LONDON — Senior British ministers and armed forces officials met Nov. 15 to discuss the government’s military, humanitarian and diplomatic options in Syria, Foreign Secretary William Hague said.
“The National Security Council has met this morning. We have discussed the grave and worsening situation in Syria,” Hague told reporters at the Foreign Office.
Hague did not specify the options discussed at the meeting, which British media said may have included a no-fly zone and the supply of anti-aircraft weapons to the rebels fighting forces loyal to Syrian President Bashar al-Assad.
Hague said he would provide an update of the government’s “views and intentions with regard to the conflict in Syria” in parliament next week.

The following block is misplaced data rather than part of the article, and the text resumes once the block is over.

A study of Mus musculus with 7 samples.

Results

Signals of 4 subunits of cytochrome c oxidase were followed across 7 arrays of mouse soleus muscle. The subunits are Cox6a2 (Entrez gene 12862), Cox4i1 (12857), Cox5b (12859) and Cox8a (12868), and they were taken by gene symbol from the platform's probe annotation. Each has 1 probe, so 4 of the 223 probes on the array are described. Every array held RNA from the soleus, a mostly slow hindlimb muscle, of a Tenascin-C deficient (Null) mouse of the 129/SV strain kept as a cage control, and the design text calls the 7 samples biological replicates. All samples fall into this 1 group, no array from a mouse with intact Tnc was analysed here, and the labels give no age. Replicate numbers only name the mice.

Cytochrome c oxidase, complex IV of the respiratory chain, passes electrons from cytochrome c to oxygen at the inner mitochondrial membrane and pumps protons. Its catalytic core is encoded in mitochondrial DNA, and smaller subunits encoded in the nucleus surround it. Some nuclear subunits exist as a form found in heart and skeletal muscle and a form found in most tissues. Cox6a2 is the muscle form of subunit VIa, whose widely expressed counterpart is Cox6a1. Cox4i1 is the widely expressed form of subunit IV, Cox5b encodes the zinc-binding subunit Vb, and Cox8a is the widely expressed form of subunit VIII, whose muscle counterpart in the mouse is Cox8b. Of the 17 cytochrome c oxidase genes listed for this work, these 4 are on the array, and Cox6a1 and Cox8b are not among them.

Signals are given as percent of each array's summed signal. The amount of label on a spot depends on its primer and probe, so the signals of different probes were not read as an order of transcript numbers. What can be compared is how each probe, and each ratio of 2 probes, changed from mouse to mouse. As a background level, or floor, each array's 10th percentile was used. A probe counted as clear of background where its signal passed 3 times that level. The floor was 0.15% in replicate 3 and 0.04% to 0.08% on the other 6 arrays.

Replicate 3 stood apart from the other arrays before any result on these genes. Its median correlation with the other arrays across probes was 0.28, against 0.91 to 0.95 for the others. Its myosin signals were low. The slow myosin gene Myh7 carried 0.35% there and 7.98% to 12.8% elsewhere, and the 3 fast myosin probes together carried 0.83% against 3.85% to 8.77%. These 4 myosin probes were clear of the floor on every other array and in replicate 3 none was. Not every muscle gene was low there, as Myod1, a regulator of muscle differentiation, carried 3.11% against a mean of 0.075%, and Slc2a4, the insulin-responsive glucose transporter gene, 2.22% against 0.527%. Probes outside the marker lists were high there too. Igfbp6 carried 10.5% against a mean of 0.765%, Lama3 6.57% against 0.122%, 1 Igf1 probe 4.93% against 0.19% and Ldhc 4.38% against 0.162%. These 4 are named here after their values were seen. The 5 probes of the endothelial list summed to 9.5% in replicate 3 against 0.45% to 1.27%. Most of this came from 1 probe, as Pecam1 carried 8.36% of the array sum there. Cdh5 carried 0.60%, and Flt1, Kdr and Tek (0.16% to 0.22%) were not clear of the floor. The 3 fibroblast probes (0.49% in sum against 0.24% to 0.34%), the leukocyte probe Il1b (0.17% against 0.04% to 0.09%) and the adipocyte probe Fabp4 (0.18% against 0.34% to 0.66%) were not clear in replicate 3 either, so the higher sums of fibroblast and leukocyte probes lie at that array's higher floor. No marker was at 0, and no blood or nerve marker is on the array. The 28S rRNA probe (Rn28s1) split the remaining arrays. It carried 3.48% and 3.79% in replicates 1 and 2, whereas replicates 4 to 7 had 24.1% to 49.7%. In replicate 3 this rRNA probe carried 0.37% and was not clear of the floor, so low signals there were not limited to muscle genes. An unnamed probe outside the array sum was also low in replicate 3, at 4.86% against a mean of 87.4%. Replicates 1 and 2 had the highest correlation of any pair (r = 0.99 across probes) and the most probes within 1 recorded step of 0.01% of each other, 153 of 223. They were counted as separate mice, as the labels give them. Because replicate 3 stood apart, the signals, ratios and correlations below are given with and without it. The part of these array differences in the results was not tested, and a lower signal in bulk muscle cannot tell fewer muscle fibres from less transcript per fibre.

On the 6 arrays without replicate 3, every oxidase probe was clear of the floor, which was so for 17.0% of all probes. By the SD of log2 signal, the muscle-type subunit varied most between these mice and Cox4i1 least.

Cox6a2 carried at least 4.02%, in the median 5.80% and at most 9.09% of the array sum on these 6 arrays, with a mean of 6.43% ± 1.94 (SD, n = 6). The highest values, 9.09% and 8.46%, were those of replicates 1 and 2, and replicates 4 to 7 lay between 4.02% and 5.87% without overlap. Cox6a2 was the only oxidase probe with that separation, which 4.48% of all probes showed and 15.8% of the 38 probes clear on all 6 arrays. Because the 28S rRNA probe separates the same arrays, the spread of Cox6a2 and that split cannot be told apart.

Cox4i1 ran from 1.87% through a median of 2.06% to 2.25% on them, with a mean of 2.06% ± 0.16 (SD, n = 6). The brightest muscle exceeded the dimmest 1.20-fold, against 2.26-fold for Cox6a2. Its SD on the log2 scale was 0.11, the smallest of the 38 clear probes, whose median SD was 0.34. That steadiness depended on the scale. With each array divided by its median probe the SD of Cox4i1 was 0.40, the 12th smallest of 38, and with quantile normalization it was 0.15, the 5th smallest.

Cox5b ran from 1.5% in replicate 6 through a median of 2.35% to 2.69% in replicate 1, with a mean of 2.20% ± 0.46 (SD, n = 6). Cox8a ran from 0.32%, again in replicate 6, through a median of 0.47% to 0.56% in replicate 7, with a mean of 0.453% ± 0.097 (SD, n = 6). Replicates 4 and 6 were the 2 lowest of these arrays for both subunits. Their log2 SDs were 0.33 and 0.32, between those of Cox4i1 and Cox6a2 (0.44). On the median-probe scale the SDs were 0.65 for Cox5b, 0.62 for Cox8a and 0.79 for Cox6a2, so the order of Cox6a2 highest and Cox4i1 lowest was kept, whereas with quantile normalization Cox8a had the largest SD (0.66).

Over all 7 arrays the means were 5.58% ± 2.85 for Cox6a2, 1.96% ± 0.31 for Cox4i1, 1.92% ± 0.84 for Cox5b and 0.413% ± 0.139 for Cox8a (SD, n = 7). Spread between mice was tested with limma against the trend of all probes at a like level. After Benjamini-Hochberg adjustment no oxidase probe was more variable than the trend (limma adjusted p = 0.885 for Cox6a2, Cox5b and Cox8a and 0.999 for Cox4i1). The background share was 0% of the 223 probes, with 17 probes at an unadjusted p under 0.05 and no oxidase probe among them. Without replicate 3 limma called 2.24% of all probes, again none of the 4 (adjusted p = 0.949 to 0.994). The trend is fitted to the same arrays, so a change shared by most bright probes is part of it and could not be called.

“More immediately, I will be meeting tomorrow some of the leaders from the new opposition coalition from Syria, and we will want to discuss with them their way forward,” Hague added.
France became the first Western power to recognize the newly formed opposition National Coalition as the sole representative of the Syrian people on Nov. 13 and said the question of arming them must now be reviewed.
Britain and France spearheaded what later became NATO’s operation to oust Libyan leader Moamer Kadhafi in 2011.
The United States and Britain have both voiced support for the Syrian opposition coalition, which formed in Qatar on Nov. 11, but they have stopped short of declaring it a government-in-exile.
British Prime Minister David Cameron visited the Zaatari refugee camp, home to some 36,000 Syrian refugees, in Jordan last week.
More than 39,000 people have been killed since the uprising against Assad’s regime erupted 20 months ago, the Syrian Observatory for Human Rights watchdog said Nov. 15.